GRAHAM Carey scored a goal of the season contender for St Mirren against Hearts just over two weeks ago, his stunning left-foot strike from all of 30 yards in the 2-0 SPL win even drawing comparisons with some of Gareth Bale’s finest work from similar distance.
But, while Carey presents one of the most obvious threats to the Tynecastle club in tomorrow’s League Cup final at Hampden, he will be content to let someone else hog the headlines this time so long as the trophy is heading for Paisley.
“If it meant we were going to win the cup, I’d take a tap-in or an own goal from anyone,” said the 23-year-old Irishman. “It would be nice to score against Hearts again, but a win is more important than any individual performances.
“The goal against Hearts last time was nice, especially as it was repeated on Sky Sports quite a lot. My family back home in Ireland don’t get to many games, but everyone saw that one and I was getting loads of texts. It was good for me to get that kind of exposure, but it was just another goal at the end of the day.”
It was a goal which highlighted Carey’s technical ability in shooting from distance, which makes him a leading candidate to take any set-pieces in dangerous positions for St Mirren at Hampden.
“I spend quite a bit of time practicing my free-kicks,” he added. “I do it for around 30 minutes on my own after training each day. Hopefully, I’ll get an opportunity to test the Hearts goalkeeper on Sunday. It’s a tough one now, because people are almost expecting me to score with free-kicks. I had a couple last weekend against Dundee United which I put into Row Z and I heard the crowd kind of mumbling about it.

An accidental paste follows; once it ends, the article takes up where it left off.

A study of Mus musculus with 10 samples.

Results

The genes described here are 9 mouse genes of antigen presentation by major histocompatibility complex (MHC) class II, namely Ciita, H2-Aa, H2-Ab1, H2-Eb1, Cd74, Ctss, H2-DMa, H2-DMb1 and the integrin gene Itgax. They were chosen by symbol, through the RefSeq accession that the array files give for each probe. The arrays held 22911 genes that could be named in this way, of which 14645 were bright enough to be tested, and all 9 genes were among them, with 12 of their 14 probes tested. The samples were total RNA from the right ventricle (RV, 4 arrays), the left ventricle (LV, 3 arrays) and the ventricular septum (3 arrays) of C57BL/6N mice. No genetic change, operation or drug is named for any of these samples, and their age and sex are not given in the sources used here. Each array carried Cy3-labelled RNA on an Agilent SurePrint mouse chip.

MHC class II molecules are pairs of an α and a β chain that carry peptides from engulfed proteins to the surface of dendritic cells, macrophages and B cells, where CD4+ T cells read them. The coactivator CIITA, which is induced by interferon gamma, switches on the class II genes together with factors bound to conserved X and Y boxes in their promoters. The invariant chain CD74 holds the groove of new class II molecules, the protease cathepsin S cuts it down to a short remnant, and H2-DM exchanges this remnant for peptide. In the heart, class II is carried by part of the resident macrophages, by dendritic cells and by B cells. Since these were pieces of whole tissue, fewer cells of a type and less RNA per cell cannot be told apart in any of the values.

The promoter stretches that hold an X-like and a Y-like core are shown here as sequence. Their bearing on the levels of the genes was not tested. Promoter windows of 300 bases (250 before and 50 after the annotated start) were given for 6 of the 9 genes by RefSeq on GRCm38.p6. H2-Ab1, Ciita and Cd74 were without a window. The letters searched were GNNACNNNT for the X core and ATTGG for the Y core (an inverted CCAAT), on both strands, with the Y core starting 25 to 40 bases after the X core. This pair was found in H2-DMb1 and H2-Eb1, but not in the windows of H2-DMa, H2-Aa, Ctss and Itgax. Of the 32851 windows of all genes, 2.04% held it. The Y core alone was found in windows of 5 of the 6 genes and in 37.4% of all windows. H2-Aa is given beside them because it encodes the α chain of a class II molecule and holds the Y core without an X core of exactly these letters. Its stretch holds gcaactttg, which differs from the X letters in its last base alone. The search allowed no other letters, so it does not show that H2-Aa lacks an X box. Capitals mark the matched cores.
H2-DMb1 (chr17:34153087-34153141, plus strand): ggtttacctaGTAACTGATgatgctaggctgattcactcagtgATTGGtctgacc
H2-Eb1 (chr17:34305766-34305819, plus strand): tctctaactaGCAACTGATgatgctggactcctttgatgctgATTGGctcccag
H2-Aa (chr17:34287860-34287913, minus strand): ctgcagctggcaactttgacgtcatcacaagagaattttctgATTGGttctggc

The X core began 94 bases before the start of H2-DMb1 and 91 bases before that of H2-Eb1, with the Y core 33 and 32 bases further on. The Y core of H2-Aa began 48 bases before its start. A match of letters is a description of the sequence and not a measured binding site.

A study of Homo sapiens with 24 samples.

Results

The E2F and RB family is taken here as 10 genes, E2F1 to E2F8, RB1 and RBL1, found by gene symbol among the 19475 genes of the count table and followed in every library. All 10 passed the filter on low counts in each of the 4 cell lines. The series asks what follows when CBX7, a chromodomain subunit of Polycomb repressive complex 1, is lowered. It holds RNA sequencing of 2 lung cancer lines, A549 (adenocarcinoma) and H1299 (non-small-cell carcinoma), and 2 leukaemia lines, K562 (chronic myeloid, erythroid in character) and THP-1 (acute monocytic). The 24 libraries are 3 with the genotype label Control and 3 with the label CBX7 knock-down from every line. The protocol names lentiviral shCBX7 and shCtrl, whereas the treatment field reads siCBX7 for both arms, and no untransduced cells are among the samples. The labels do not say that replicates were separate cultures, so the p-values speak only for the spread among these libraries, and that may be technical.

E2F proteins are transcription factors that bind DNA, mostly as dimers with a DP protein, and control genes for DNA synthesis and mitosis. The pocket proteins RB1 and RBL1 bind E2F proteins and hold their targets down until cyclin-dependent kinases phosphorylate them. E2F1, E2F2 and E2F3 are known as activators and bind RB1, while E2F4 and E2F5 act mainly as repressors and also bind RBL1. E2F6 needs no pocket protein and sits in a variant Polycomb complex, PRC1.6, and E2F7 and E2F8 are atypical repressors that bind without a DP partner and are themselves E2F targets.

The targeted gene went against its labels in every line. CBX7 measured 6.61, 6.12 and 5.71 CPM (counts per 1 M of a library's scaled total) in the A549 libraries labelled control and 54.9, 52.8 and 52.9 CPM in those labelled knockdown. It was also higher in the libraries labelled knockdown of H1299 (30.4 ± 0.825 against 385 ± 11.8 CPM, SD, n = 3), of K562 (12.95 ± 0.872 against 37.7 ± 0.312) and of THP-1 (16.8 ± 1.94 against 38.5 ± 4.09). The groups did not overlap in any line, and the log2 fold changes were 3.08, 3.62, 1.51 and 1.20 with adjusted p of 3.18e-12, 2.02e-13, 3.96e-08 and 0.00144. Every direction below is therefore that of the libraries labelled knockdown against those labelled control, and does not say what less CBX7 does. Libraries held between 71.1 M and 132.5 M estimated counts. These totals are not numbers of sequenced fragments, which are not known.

“It comes with the territory. If you are going to score, you have to miss a few as well. We do have a few other set-piece takers, but if I get to take them on Sunday, I’ll hopefully be more consistent.”
Carey is one of only three survivors in the St Mirren squad from their last League Cup final appearance three years ago when they suffered the anguish of losing 1-0 to a nine-man Rangers side.
“It was a very tough day and it took us a long time to get over it,” he said. “It was a great opportunity to get a piece of silverware but we couldn’t take it. There’s only myself, Lee Mair and David Barron left from that day. We haven’t really spoken about it since, but it’s always been at the back of our minds. It’s great that we’ve got an opportunity like this so quickly to try and go one better.”